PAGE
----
It was made known at the meeting that a new firm, Minilab Factory, had been formed in Germany and had purchased the rights to manufacture the Agfa d-lab and parts for worldwide distribution. The owners of Minilab Factory are Saal Manufacturing, a large refurbisher of minilabs, and Saxonia, a software firm that has written most of the software for the d-lab system. Both are German firms.
There were dealers from other countries also in attendance. Phil Gresham, an Australian owner, said the U.S. dealers had it easy compared to those in his country where the Agfa distributor went bankrupt and were not providing the business-like transition that U.S. dealers were enjoying from AgfaPhoto U.S.A.
The meeting seemed to defuse the pent-up anxiety over the Agfa situation as dealers were able to personally communicate with those who will be responsible for the future of the brand.
Photo-ME: Executive Smiling As Events Point To A Strong 2006
What would a manufacturer pay to have two competitors drop off the face of the earth and land a major mass merchantóall in one year? Priceless.
Thatís the enviable position of Nicholas Series, managing director of the KIS Photo-Me Group. The passing of Konica, the disarray of Agfa and the signing of an exclusive supply contract with CVS for 2006 can make a hero out of the boss and paint a rosy picture for him for the future. The stars are definitely in line for Nicholas.
Photo-Me is so bullish about its prospects that it held its first press conference ever at the PMA convention to beat its drums. What better time and place?
At the press event, Nicholas discussed, among other matters: the firmís new DKS 1770 digital minilab, which will be manufactured by Solectron in Singapore, as will soon the entire DKS line that currently comes from Poland; its new My Creativ album software; the expanded sales structure with a new Americas Region to be run by Kodak veteran Rafael Soltero who will work in conjunction with Digital Portal, Photo-Meís U.S. distributor in the U.S.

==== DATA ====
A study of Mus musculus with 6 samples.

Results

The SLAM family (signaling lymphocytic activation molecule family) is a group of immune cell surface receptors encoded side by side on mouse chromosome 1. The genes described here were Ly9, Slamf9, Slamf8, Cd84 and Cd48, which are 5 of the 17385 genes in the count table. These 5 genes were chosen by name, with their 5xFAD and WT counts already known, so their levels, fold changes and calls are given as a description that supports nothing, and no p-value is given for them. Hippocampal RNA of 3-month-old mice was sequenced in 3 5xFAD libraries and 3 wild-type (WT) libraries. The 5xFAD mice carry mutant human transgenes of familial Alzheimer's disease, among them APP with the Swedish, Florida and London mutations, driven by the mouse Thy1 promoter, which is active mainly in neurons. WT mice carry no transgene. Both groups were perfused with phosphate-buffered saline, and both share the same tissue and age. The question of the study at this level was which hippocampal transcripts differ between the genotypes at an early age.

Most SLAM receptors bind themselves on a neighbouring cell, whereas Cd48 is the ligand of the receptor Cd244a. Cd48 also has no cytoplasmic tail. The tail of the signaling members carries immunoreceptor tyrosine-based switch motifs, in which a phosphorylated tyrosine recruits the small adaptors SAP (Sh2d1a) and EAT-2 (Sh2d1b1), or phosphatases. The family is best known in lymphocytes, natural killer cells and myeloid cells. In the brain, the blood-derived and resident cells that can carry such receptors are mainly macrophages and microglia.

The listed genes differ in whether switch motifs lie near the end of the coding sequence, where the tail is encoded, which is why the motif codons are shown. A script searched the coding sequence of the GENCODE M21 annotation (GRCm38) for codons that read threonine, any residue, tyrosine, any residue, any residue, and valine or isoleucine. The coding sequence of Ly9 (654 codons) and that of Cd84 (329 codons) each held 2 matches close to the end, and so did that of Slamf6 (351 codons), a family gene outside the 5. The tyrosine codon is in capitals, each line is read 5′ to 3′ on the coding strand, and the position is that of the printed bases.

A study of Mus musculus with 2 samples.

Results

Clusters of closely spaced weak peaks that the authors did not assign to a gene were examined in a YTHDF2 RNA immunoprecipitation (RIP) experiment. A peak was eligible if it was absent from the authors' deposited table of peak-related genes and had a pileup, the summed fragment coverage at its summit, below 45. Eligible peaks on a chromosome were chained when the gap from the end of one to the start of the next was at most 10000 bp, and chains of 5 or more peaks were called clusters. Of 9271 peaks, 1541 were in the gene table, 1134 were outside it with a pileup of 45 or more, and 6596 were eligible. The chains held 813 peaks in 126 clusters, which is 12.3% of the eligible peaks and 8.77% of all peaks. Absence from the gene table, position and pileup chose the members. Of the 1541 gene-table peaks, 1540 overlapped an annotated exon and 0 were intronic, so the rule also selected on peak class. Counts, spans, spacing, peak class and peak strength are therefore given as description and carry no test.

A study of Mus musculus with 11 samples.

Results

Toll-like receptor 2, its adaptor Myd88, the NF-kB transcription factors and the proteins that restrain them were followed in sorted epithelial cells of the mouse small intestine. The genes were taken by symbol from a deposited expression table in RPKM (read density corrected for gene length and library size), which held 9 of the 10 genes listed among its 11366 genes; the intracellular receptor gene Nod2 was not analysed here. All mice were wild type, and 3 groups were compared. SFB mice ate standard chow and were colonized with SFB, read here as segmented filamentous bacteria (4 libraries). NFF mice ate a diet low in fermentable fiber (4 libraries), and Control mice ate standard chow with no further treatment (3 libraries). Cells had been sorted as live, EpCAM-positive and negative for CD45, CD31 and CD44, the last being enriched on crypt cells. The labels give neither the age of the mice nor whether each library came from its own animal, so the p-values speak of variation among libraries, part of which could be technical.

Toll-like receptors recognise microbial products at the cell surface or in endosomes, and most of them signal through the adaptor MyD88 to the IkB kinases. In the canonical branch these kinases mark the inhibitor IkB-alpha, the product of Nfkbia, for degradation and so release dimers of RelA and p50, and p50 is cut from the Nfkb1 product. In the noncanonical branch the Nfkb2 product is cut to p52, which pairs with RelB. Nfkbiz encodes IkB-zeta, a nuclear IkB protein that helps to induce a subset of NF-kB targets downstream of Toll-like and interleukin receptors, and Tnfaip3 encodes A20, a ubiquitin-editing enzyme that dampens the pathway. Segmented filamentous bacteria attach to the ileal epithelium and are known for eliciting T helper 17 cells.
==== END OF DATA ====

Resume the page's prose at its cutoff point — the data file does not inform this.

In a private meeting Nicholas mentioned that Kodak, for some years a large customer of KIS as it marketed the firmís System 89 digital labs in certain parts of the world (other than the U.S.), would no longer be selling minilabs. This impacts not only KIS but Noritsu, as well, as that firm supplied Kodak brand minilabs in large quantities.
The loss of the Kodak business, which represented about 20% of the Photo-Me volume, he expects, will be more than offset by the new opportunities available to Photo-Me.
Nicholas said he is committed to independent distributors in the various world markets. He claims to have already signed on up to 10 ex-Agfa distributors in the mid-East and Asia, and he anticipates adding ex-Konica distributors in Asia and Latin America. Europe is also being farmed for distributors looking to replace lost product lines.
As for the world market for minilabs, Nicholas said that unit sales are down considerably for the entire industry. What are your prospects for 2006? ďIt will be a better year than 2005. We will definitely gain market share.Ē
Paper Supplies: Dwindling Number of Paper Producers Could Lead to Price Increases
Silver halide photographic paper has never been much of a topic of conversation at PMA shows. Yes, there were always price deals floating around and whispers about who was paying what per square foot for which brand.
At this convention the subject of paper took on a new dimension as show-goers discussed what they see as a matter of concern: the reduced number of paper suppliers.